This week Gov. Roy Cooper officially declared June Pride Month — an important acknowledgement for LGBTQ North Carolinians.
But LGBTQ advocates are also celebrating declarations in smaller communities in North Carolina — a sign of support for marginalized communities outside of the state’s largest cities.
On Thursday night the Hendersonville City Council proclaimed that June 15 will officially be Hendersonville Pride Day — a first for the community of about 14,000 just South of Asheville. The celebration is being organized and supported by a local groups like Stonewall 50 and Hendersonville PFLAG.
“We applaud everyone who worked to organize Hendersonville Pride Day and pass this proclamation in support of LGBTQ equality,” said Kendra Johnson, executive director of Equality NC. “This celebration of LGBTQ people sends a powerful message to all people in the city, county, and state: that Hendersonville is a welcoming and affirming community where all people, including LGBTQ people, should be treated with dignity and respect. LGBTQ young people in the area will read this news and know that they are accepted, supported, and loved.”
Rev. Jasmine Beach-Ferrara of the Campaign for Southern Equality said the move by Hendersonville was a powerful one — and signals an important shift in the state’s smaller communities.
“The decision to recognize Hendersonville Pride Day is consistent with the increasingly vocal support we’re seeing for LGBTQ equality across North Carolina and throughout the South, including in smaller cities and towns,” Beach-Ferrara said. “Local advocates are doing the heroic work of calling for their hometowns to affirm and support their LGBTQ neighbors, and local elected officials are listening and taking action. We’re glad to see Hendersonville set this positive example for how we can build communities where all people are free to be who they are, and we’re hopeful that other cities across the region will follow suit.”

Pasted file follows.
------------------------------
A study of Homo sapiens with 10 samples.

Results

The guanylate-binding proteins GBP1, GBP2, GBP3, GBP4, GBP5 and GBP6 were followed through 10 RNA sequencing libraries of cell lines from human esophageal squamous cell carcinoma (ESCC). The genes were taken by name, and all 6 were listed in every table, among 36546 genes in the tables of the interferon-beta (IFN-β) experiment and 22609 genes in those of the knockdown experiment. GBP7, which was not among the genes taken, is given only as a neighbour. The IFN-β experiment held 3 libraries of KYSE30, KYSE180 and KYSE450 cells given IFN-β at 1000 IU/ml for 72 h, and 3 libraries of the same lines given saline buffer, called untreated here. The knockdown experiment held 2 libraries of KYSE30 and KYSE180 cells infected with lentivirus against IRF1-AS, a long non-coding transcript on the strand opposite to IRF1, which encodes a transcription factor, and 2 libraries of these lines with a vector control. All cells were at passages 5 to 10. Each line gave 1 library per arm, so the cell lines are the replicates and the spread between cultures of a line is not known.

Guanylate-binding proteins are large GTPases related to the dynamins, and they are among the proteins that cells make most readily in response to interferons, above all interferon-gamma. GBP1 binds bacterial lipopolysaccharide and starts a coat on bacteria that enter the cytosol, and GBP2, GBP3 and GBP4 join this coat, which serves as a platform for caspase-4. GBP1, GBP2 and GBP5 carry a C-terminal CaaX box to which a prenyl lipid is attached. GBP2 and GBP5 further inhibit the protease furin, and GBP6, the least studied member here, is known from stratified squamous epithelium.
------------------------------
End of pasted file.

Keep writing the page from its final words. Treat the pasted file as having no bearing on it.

This month marks the 50th anniversary of the Stonewall uprising, in which New York police violently raided a Greenwich Village gay bar. When patrons and the community fought back and protested, it helped launch the modern movement for LGBTQ rights.
On Thursday New York Police Commissioner James P. O’Neill officially apologized for the raid.
O’Neill, who was one of many police officials who have for years called a formal apology unnecessary, said the actions of the NYPD were “wrong, plain and simple.”
“The actions and the laws were discriminatory and oppressive, and for that, I apologize,” he said.
O’Neill said he now sees an apology as an issue of responsibility.
“I think it would be irresponsible to go through World Pride month, not to speak of the events at the Stonewall Inn in June of 1969,” O’Neill said. “I do know what happened should not have happened.”